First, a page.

BY Miranda Neubauer | Thursday, January 31 2013

A curious promoted tweet released today invokes the Human Rights Campaign as it blasts Secretary of Defense nominee Chuck Hagel for his past positions on homosexuality — although the Human Rights Campaign didn't sponsor the tweet and Hagel is now seeking to present his positions as exactly opposite the ones the ad accuses him of taking.

Use Your Mandate, a purportedly bipartisan effort connected to former Michael Bloomberg aide Bradley Tusk, and using a Republican firm to purchase media, published this message earlier today:

The tweet links to a statement from the Human Rights Campaign, the gay rights group, advocating for military IDs for same-sex military spouses. HRC has also said in a statement that the next Secretary of Defense should move quickly on extending benefits to the same-sex spouses of American servicemen and women. President Barack Obama turned greater rights for gay couples into a campaign issue in 2012, and Don't Ask Don't Tell, the policy that prevented openly gay people from serving in the military, was repealed last year.

HRC has yet to respond to a request for comment.

Earlier in January and again today, Hagel expressed support for extending those benefits — which may include military IDs.

Hagel is vulnerable to attack for his positions on gays in the military because of past statements. Some 15 years ago, he criticized a nominee for U.S. ambassador to Luxembourg, James Hormel, as “openly, aggressively gay.”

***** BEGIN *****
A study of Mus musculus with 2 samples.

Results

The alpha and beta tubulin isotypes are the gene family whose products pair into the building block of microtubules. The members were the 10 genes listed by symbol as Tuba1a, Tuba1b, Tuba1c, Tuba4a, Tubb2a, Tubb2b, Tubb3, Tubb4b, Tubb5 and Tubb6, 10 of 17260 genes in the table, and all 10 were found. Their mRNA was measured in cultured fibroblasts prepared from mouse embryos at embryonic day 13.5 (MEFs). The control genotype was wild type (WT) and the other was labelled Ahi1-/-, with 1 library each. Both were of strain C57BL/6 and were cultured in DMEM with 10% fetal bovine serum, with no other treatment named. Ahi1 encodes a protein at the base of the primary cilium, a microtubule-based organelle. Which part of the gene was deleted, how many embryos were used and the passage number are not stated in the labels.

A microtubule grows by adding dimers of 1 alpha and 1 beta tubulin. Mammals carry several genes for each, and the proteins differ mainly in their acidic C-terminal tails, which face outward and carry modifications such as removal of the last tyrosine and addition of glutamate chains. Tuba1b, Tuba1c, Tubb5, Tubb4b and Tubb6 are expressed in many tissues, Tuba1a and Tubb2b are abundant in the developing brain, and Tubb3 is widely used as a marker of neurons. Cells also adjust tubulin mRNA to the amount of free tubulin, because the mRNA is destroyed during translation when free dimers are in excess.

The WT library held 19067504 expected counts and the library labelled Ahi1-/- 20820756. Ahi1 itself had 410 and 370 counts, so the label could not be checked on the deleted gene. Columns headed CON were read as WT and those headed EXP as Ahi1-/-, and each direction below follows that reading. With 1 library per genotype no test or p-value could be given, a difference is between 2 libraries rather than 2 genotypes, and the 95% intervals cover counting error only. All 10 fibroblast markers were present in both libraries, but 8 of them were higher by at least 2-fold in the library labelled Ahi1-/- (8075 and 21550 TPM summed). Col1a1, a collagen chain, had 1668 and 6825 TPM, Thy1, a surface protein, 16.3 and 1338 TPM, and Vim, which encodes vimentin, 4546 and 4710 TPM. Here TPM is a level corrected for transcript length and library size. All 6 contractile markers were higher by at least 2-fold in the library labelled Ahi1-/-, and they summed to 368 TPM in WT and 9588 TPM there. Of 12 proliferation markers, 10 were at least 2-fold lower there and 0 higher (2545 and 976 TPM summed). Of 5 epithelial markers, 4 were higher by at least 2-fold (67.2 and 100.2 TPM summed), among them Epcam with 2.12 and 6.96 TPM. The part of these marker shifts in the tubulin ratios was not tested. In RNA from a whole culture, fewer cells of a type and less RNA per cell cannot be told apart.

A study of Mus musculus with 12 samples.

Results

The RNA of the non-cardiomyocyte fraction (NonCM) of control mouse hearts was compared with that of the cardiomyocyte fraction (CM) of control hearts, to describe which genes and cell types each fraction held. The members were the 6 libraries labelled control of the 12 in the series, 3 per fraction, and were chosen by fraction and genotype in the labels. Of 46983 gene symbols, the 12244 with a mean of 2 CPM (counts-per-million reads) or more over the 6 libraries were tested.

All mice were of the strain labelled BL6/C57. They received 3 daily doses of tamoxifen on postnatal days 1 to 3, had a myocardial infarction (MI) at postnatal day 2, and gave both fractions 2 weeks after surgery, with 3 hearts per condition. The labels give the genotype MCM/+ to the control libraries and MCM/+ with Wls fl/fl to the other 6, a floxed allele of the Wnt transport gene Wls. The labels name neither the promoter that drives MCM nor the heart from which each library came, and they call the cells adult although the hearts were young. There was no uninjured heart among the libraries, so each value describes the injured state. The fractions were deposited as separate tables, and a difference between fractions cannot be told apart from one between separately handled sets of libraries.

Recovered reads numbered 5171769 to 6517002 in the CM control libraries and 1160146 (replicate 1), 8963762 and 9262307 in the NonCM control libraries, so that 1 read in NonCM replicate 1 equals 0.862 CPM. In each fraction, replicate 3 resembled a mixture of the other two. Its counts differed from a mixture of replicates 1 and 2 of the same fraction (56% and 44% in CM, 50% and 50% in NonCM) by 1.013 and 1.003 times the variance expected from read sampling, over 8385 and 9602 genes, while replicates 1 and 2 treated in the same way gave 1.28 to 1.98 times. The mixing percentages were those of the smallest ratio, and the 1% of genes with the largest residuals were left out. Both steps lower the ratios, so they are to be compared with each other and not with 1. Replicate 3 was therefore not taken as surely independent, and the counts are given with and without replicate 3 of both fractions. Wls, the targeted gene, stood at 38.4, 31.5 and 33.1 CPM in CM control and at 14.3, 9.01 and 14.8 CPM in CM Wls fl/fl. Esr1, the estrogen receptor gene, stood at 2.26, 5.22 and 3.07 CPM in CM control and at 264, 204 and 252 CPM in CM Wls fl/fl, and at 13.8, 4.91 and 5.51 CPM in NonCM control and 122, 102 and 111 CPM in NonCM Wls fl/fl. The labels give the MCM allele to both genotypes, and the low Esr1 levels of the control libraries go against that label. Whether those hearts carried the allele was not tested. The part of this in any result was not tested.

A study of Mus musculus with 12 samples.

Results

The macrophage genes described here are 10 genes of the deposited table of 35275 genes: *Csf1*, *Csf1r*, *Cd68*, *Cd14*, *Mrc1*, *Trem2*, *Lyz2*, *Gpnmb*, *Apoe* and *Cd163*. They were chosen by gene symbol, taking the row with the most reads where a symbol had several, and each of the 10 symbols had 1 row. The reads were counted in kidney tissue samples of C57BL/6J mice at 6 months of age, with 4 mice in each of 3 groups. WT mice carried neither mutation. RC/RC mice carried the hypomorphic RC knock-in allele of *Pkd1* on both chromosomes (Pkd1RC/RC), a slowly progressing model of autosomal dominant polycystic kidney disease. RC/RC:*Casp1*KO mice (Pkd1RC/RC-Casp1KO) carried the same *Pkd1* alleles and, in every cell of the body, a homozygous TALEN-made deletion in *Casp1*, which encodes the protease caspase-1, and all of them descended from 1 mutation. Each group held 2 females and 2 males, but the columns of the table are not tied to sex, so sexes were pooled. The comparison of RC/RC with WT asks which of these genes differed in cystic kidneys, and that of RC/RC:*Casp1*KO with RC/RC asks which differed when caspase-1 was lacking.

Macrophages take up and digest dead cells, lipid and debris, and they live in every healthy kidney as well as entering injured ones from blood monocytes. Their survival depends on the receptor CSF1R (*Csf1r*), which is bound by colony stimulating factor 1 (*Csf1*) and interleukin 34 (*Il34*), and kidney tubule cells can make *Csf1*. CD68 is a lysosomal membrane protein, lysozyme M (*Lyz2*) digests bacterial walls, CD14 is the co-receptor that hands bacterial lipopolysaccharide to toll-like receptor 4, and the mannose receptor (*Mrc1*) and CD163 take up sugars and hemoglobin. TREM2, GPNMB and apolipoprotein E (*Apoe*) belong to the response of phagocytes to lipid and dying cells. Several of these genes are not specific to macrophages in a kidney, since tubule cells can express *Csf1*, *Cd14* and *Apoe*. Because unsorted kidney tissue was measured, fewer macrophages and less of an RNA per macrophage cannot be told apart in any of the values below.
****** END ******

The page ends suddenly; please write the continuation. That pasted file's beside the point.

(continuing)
The former senator has apologized for those comments, and Human Rights Campaign, the gay rights group invoked in the tweet, released a statement in December effectively accepting Hagel's apology. HRC's statement proclaimed the group was "proud that Senator Hagel" had joined its ranks of "allies."

"It is entirely understandable that an individual could have said really ignorant things back 15 years ago," HRC's vice president of communications, Fred Sainz, told Roll Call earlier this month, "and understand how those statements would be inappropriate in today’s context."

But the former Republican Senator's apparent change of heart has not been expressed fervently enough for the Log Cabin Republicans, an LGBT conservative group, or for some Democrats, who are watching the confirmation hearings closely.